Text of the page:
There was a lot of visible progress this week – my pieces of wood are starting to look the way a guitar does! Or at least, a guitar in a million pieces. And only the body, not the neck. But hey – if it takes a few weeks to build something I’ll have for (hopefully) my entire life, I’m okay with that. Mostly, I focused on finishing the bracing. Whereas I have been working mostly on flat surfaces, I’ve now begun to build the guitar up. That’s why I called the post dimensions. Do you see what I did there? Because it’s chapter three, and I called it dimensions? Like, three dimensions? It was subtle. Just like this is.
Shaping the bracing, as I mentioned, got easier with each one I made. At first it was a bit slow and got me a bit anxious, worrying that if I screw up I have to go back to the raw lumber and cut a whole new one. That fear subsides once you get into the rhythm of making them, because it actually doesn’t take that long to make each one when you know the steps. Not that I want to be wasting wood or time willy-nilly, but, it’s not the end of the world if I botch one. Here are a few of them all lined up:
You can also see the strip running up the back of the guitar that was glued on earlier. That simply supports the joint of the two pieces of wood on the back. I carefully sawed away slots for these braces to sit in, and then began gluing:
This workbench is set up specifically for this purpose – setting lengths of wood between the part of the guitar I’m working on and the ceiling over the bench applies pressure on the braces, ensuring a perfect fit between the two parts. The ‘go bar deck’ is used very often, not just on braces, and without it, building guitars would be really, really, really difficult. I don’t know about hard numbers, but each of those pieces of wood take a fair amount of strength to flex. Multiply that by the number of them on there at the moment (26 or so? I didn’t bother to count. I told you, no hard numbers)…anyway, there’s a hell of a lot of pressure.
Bracing the top was just the same, with the exception of the layout of the braces. I took the same steps in gluing them onto my top:
Any takers? No? It’s the X-brace. Yep, they really stretched on that one. I guess they didn’t have any importance left for naming it, since structurally and sonically, it’s probably the most important brace in the entire guitar. They were quite a pain to shape, since the intersection of the two braces, as you can see, is not arched like the rest. That makes it much tougher to get a symmetrical shape on both sides, but I think I managed pretty well.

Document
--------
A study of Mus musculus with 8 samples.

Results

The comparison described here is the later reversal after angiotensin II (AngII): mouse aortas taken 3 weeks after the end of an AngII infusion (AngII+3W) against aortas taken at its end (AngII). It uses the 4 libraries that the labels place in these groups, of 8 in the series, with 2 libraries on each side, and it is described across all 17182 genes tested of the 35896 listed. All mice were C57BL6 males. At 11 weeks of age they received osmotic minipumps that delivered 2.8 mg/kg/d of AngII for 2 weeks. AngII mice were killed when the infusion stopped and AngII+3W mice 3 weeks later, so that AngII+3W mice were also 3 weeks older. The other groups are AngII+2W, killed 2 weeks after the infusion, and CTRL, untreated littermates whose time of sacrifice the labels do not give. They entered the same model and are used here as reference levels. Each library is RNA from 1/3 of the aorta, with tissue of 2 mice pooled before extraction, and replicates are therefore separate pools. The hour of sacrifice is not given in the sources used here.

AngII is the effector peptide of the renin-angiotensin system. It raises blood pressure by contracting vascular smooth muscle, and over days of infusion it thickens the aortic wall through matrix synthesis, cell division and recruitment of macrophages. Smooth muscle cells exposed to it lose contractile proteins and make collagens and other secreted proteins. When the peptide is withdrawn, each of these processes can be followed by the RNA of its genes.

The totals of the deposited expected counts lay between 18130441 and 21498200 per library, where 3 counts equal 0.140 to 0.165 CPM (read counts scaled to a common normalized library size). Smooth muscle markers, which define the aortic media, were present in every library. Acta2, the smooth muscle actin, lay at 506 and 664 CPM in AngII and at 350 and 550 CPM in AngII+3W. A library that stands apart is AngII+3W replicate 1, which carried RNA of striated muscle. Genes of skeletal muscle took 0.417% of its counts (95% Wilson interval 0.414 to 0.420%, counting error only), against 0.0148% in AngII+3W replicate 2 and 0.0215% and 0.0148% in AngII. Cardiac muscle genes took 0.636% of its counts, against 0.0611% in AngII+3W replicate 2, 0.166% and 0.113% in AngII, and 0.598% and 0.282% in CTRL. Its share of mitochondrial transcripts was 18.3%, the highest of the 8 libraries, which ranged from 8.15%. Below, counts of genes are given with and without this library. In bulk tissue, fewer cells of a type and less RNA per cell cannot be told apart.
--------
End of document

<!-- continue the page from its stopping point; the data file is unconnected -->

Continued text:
While that glue was setting, I went about shaping the other braces for the top. Some of them are done the same way, but smaller braces called ‘fingers’ are something I shaped by hand, and that led to a shot that I’ve noticed is obligatory for any woodworking project:
I used a tiny little finger plane to cut down the corners, then sanded them smooth. When everything was shaped and glued up, the top looked like this:
You can also see a different wood in the middle of everything – that’s the bridge plate. Mine is made of maple, so it’s a lot stronger than spruce, but it’s quite thin so as to be flexible enough not to inhibit the movement of the top.
As I mentioned before, though, a big chunk of time is dedicated to things you can’t see rather than things you can – that means I took a tiny little chisel (that brown thing in the bottom right of the photo above) and scraped away all the excess glue that had been squeezed out by the go bars. Following that, I sanded those areas down to cover up all the nasty gouges I made in the wood trying to scrape off the glue. As Jeremy told me, my goal is to “make it look like it grew that way.” So until wood grows with braces already attached, I’ll keep honing my skills here and try to end up with something that looks as good as it sounds.
I’m in Montreal this coming week, so it’ll be an extra week before the next post. Hopefully, I’ll be able to post a few interesting things and photos in the meantime. Cheers!